Xaume Olleros—Bloomberg/Getty Images
By Pat Regnier
August 12, 2015

On Tuesday and again on Wednesday, the Chinese yuan declined in value. For most currencies trading on international markets, that wouldn’t be news. But the Chinese government normally keeps its currency’s value pegged to the U.S. dollar, so the surprise drop set off a wave of selling in global stock markets. The S&P 500 fell 20 points, or about 1%, on Tuesday and was down another 1.1% in Wednesday morning trading.

Why does a decision in Beijing about about how many yuan a dollar can buy send down the price of U.S. companies? And is there anything you should doing about it with your own investments? Here are some answers.

The currency move reinforces anxiety that Chinese growth is slowing down fast.

China is allowing its currency to devalue in an apparent bid to boost its exports—by making its products cheaper for foreign consumers to buy—and keep its growth on track. Global markets don’t like it when one of the world’s most important economies starts looking a little panicked. And there’s been plenty of chaos in China already.

As MONEY’s Paul Lim writes in the upcoming issue:

As the world’s second-largest economy, China is expected to drive global growth as it continues its transition from a manufacturing-based economy to a consumer-driven one. It turns out, though, to have a terrible problem with financial bubbles.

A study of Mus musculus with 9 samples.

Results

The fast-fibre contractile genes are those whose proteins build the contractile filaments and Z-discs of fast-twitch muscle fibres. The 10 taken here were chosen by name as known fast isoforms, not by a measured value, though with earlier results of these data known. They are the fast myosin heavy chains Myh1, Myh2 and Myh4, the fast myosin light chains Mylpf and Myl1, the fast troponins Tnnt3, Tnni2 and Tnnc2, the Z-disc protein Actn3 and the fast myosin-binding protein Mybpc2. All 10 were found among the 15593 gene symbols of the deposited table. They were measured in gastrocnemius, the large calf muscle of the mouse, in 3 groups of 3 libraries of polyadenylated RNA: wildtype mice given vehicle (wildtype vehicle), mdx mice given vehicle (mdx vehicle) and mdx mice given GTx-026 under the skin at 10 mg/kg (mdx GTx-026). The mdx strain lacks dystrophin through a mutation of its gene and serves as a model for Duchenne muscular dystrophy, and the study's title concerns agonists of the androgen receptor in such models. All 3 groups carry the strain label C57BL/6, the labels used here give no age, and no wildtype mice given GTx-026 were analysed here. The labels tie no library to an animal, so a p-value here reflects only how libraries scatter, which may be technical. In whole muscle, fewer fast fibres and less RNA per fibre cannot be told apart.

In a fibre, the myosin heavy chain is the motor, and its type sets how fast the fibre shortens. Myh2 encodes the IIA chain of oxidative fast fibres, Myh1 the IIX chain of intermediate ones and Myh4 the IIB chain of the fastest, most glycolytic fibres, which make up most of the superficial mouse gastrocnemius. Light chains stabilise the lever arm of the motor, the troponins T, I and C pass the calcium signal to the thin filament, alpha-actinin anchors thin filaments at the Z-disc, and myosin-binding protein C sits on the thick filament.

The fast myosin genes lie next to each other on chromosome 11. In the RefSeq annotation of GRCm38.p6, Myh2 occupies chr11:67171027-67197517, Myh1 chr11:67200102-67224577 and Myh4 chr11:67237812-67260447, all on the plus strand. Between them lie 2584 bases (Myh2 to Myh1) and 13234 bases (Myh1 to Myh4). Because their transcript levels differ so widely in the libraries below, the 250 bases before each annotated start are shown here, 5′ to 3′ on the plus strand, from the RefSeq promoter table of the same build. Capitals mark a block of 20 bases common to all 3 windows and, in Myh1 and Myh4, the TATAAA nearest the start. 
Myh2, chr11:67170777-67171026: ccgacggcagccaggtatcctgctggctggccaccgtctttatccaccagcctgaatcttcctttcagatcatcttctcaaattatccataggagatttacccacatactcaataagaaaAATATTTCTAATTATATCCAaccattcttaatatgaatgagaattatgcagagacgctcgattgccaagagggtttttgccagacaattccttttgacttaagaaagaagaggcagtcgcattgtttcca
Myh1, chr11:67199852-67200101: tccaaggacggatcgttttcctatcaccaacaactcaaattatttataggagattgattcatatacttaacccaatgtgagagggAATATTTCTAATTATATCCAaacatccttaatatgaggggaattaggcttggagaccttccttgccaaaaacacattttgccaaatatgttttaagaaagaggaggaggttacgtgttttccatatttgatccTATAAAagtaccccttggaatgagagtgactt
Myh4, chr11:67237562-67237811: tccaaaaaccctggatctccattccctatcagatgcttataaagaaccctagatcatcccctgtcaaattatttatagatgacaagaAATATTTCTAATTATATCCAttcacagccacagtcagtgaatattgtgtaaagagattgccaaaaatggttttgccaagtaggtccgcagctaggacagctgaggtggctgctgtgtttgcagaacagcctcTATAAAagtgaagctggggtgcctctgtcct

In the year up to mid-June, the Shanghai Composite Index shot up 150%, as Chinese investors hoping to make up for losses in a recent real estate downturn poured into the stock market, many of them for the first time. They had unrealistic expectations: The market has since slammed into reverse, falling by a third in less than a month and wiping away $4 trillion in wealth….

The real issue is whether the financial panic will cause households to curtail spending and put the brakes on China’s GDP growth, which is already down to 6.5%, off from earlier forecasts of 8%.

Although 6.5% growth sounds like an impressive feat—highly developed economies are considered strong when they hit 3%—its a comedown from expectations. Since China is a huge consumer of commodities, oil prices are tumbling. And global companies selling in China are expecting a hit to sales.

A weaker yuan means a stronger dollar—and that’s not great news right now.

A strong dollar is, on the one hand, a sign of the U.S. economy’s relative strength. But for American companies exporting to the rest of the world, it means they are less competitive on price. Already, the trade deficit—the gap between what we export and what we import—has been growing. And Fed chair Janet Yellen has been citing the strong dollar as one drag on the slowly recovering U.S. economy.

It may change the math on whether U.S. stocks are reasonably priced or overvalued—but it’s not clear how.


But weighing against that is another factor. Slow growth in China and a stronger dollar may persuade the Federal Reserve to hold off on raising short-term interest rates, and already seems to have bond investors betting on lower long-term interest rates. Bonds are rallying, with investors accepting yields of less than 2.1% on 10-year Treasuries. In a low-rate environment, when it is hard for investors to earn a high return on safer investments like bonds, they are often more willing to pay higher valuations for stocks, since the alternative is so unappealing. The slow-growth, low-rate story that many believe has pushed up stock valuations could be reinforced for a while by the slowing of the Chinese economy.